Former CIA Director John Brennan testifies on Capitol Hill in Washington, Tuesday, May 23, 2017, before the House Intelligence Committee Russia Investigation Task Force. (AP Photo/Pablo Martinez Monsivais)
The 2017 ICA report, released in January of that year, has become a gospel edition to the Russian collusion narrative.
The supposedly unquestionable report was commissioned and led by then CIA Dir. John Brennan, a self-exposed political hack. You may know him from one of his many unhinged Twitter rants against Donald Trump. He also famously made this ridiculous claim, which blew up in his face just a week later.
The “report” was literally thrown together over a span of a month. Coincidentally, it claimed to have substantiated nearly every major liberal talking about Donald Trump and Russia. Not only did it make accusations that clearly lacked evidence at the time, it even proclaimed to know Putin’s motivations, i.e. that he definitely wanted to get Trump elected.
That’s not to say there was no “Russian interference” at all, but it is to say that many of the claims we hear as factual today still have little to no evidence behind them. That was especially true in early 2017 when this ICA report came out.
Now, AG Barr is investigating the genesis of not only the Steele dossier, but also that report, which has largely escaped scrutiny to this point. Julie Kelly shares that and other information in a new piece.
But that conclusion reportedly is under scrutiny by Attorney General William Barr as part of his wide-reaching investigation into the corrupt origins of the Trump-Russia collusion hoax.
A special prosecutor appointed by Barr to oversee the probe is supposed to interview senior CIA officials who helped produce the report. According to a June 12 New York Times story disclosing the inquiry, the impending inquiry “has provoked anxiety in the ranks of the CIA.”
As Julie Kelly notes, Andrew McCarthy questioned the ICA at the time for very obvious reasons.
“To my mind the assessment is very peculiar,” former federal prosecutor Andrew McCarthy told the House Intelligence Committee earlier this month. “Ordinarily the kind of assessment that you’re talking about there would be something that would take well over a year to do, certainly many months to do . . . seems to me, in this instance, there was a rush to get that out within a matter of days.”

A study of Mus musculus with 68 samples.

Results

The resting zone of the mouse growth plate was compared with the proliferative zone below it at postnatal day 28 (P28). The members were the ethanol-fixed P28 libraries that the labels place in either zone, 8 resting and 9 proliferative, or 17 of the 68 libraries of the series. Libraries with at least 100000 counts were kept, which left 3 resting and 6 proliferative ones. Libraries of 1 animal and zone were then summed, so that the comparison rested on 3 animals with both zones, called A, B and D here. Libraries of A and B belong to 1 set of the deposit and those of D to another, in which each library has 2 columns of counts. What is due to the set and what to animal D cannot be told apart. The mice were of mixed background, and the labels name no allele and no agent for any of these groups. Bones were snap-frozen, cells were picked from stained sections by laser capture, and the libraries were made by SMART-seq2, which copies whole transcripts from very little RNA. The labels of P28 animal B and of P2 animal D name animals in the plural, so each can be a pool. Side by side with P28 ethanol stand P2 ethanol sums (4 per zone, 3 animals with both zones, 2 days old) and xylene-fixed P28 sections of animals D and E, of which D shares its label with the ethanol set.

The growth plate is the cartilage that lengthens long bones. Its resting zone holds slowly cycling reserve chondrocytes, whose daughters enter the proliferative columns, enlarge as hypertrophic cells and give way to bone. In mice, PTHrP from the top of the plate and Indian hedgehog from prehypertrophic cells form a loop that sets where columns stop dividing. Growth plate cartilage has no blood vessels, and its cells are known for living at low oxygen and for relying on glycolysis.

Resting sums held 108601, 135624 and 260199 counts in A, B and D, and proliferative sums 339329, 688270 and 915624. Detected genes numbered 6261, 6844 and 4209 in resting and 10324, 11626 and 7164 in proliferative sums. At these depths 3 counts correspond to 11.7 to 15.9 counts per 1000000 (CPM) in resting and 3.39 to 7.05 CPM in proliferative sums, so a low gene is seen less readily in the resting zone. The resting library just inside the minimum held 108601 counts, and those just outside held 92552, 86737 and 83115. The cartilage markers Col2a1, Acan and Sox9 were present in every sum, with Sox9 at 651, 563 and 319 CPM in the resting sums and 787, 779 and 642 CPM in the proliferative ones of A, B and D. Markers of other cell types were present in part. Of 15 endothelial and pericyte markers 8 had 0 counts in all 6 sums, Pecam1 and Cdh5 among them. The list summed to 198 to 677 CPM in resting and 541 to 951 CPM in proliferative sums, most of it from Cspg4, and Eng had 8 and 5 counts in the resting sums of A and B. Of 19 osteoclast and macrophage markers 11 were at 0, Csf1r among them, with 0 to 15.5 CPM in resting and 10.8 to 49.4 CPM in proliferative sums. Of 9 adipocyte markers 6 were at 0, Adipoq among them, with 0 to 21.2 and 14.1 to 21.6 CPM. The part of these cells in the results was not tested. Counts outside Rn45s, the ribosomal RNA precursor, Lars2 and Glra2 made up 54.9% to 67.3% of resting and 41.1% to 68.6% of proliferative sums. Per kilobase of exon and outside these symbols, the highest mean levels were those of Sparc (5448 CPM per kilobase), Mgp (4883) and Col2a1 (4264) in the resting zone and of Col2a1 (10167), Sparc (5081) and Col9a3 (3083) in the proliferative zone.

How did the Brennan-led CIA and Obama administration go from saying Russian interference wasn’t going to happen right before the election to making grand proclamations of a tainted election in a matter of days? Simple: they threw together a bunch of unsubstantiated accusations that sounded good and shoved them out under official auspices.
This allowed the media to then run wild claiming that Trump was an illegitimate President.
With the pump primed, the next step in the game would be to brief the President on the Steele dossier while withholding key information about its credibility from him. Then a simple leak to CNN provided the hook for what would culminate into the mess that we are dealing with today.
The hastily prepared report is akin to a last-minute term paper, carefully formatted with plenty of white space and graphics. Odd anecdotes are stitched together in a hodgepodge manner. It’s filled with repetition and hearsay. One vague passage insists that Putin “holds a grudge for comments [by Clinton] he almost certainly saw as disparaging him.” Another factoid is that a Putin pal said Russia would “drink champagne” if Trump won. Not exactly the kind of conjecture that would pass muster in a court of law.
The document was released in declassified form; readers repeatedly are assured that highly-classified information supports the Intelligence Community’s conclusions but that “the release of such information would reveal sensitive sources or methods and imperil the ability to collect critical foreign intelligence in the future.” (Where have we heard that before?) It strained to make a connection between the Kremlin, WikiLeaks founder Julian Assange, and the hacking of the Democratic National Committee.
In the end, there was no grand measure of evidence hiding behind those classified markings, as the Mueller report would make fairly clear. Even in regards to something as foundational as the DNC hack, Mueller would end up relying on the same 3rd party assessment by Crowdstrike, who were hired by the DNC after they refused to let the FBI examine the server.
While the media and Democrats spent years accusing anyone questioning the narrative of being a “conspiracy theorist,” the reality is that it was the government delving in conspiratorial realms. We see this from the ridiculous handling of the Steele dossier to the rushing out the 2017 ICA report The only reason to do the latter was to get ahead of Trump’s inauguration.
Hopefully, Barr’s investigation will look deeply at the motivations of figures like Brennan, Clapper, etc. and just how politically corrupt they were in getting their preferred narrative out there.